In novels and films, the most common scientist by far is the mad one. From H. G. Wells’s Dr. Moreau to Ian Fleming’s Dr. No to Stanley Kubrick’s Dr. Strangelove, scientists are portrayed as evil geniuses unrestrained by ethics and usually bent on world domination. Over the past two years, as I struggled to write my own novel about physicists and their quest for the Theory of Everything, I often worried that I was falling prey to this stereotype myself. It is incredibly difficult to create fictional scientists who are neither insane villains nor cardboard heroes. To faithfully depict the life and work of a researcher, you need to immerse yourself in the details of his or her research, and very few writers have done this task well.
One of the earliest attempts to draw a realistic picture of science was Sinclair Lewis’s Arrowsmith, which won the Pulitzer Prize in 1926. The book tells the story of Martin Arrowsmith, a callow Midwestern youth who after long travails throws off the temptations of money, power and fame to pursue a life of solitary medical research. Martin isn’t a very likable character—he’s peevish, disdainful and annoyingly self-important. One gets the sense that even the author doesn’t care for him much. The true hero of the tale is Martin’s mentor, Max Gottlieb, a long-suffering German-American bacteriologist. Dr. Gottlieb provides the novel’s wisest insights: “To be a scientist—it is not just a different job ... it is a tangle of very obscure emotions, like mysticism, or wanting to write poetry.” Arrowsmith also gives readers a fascinating glimpse of microbiology in the early 20th century. To get his facts right, Lewis relied on Paul de Kruif, a bacteriologist and science writer who received 25 percent of the book’s royalties in return for his help.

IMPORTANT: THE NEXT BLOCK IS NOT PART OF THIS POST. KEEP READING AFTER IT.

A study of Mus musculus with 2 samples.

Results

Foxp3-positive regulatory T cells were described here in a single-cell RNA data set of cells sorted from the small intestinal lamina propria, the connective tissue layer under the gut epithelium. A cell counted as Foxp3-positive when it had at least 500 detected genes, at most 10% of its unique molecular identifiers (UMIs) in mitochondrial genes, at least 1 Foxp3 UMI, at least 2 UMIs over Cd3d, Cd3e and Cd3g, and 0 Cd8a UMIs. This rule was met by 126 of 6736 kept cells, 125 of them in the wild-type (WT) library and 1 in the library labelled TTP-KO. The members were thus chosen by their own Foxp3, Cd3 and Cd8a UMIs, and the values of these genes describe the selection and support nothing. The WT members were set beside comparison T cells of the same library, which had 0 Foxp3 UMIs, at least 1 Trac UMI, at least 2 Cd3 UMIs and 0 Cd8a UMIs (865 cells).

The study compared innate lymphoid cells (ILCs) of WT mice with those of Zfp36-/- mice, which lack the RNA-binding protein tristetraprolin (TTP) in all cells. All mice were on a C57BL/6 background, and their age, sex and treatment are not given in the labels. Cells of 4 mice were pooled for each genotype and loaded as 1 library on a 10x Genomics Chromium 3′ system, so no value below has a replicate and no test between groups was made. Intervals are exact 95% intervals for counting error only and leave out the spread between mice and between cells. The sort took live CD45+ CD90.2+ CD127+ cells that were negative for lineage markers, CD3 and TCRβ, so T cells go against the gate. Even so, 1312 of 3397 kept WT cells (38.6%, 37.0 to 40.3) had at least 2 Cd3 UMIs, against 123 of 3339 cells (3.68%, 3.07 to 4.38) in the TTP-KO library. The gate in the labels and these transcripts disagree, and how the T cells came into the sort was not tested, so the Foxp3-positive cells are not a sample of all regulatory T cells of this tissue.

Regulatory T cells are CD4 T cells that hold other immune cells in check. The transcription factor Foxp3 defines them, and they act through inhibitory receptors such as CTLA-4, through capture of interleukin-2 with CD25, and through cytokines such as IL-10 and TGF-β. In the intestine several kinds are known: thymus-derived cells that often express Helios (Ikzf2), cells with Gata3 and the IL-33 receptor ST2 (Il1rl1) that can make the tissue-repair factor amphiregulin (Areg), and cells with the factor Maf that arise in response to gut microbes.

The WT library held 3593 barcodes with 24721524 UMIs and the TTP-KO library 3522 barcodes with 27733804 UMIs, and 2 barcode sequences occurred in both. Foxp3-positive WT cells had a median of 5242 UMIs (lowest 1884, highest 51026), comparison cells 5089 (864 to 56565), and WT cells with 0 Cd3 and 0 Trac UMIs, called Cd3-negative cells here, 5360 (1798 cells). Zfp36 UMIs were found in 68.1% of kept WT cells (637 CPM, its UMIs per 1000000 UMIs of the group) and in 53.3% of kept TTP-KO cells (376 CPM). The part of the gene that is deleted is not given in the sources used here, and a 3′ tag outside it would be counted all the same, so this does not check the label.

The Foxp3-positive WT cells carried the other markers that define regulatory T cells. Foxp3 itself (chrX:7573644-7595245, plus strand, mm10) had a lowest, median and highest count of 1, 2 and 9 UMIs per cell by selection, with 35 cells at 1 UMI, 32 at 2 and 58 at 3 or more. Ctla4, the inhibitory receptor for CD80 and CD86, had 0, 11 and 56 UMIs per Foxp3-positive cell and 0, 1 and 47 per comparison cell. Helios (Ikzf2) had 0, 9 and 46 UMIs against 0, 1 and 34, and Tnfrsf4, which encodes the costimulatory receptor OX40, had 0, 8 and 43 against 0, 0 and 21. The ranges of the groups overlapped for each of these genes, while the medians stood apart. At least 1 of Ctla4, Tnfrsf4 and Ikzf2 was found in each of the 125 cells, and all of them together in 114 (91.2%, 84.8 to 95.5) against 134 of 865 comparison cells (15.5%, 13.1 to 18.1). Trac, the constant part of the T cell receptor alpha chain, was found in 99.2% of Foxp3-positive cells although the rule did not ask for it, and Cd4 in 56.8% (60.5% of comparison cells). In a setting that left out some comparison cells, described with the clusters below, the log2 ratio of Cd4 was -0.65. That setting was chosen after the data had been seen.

John Updike’s 1986 novel Roger’s Version features a very different kind of scientist hero: Dale Kohler, a research assistant at a computer lab whose specialty is devising graphics that simulate reality. Dale is a religious young man who becomes convinced that his simulation programs can prove the existence of God. His search for divine signals ends fruitlessly, of course, but Updike’s description of Dale’s late-night vigils at the computer terminal will ring true to anyone who has ever wrestled with software code. Perhaps the best parts of Roger’s Version are the entertaining arguments about science and religion, which are peppered with ideas from cosmology and particle physics. And the book abounds with the gorgeous sentences that make Updike such a joy to read: “His necktie, purple violently interrupted by green, struck the gauche note we expect from scientists. He carried a small paper cone of zinnias, the sort of bouquet young drug addicts sell now from traffic islands.”
A standout among the science novels published in the past few years is Intuition, by Allegra Goodman. The book delves into the hothouse atmosphere of a research institute that is investigating potential cancer treatments. One of the institute’s postdocs devises a genetically modified virus that appears to shrink tumors in mice, but a colleague accuses him of fudging his results. The story’s clever trick is that nobody at the lab is entirely in the wrong; the missteps of the researchers seem to be the result of sloppiness and wishful thinking rather than outright fraud. Instead of presenting a simple morality lesson, Intuition reveals the ambiguous, groping nature of biomedical experimentation: “Science was all about failure, and bench work consisted primarily of setbacks.”
A good work of fiction can convey the smells of a laboratory, the colors of a dissected heart, the anxieties of a chemist and the joys of an astronomer—all the illuminating particulars that you won’t find in a peer-reviewed article in Science or Nature. Novels such as Intuition, with their fully fleshed out characters and messy conflicts, can erase the ridiculously sinister Dr. No cartoons. And most important, these books can inspire readers to become scientists themselves.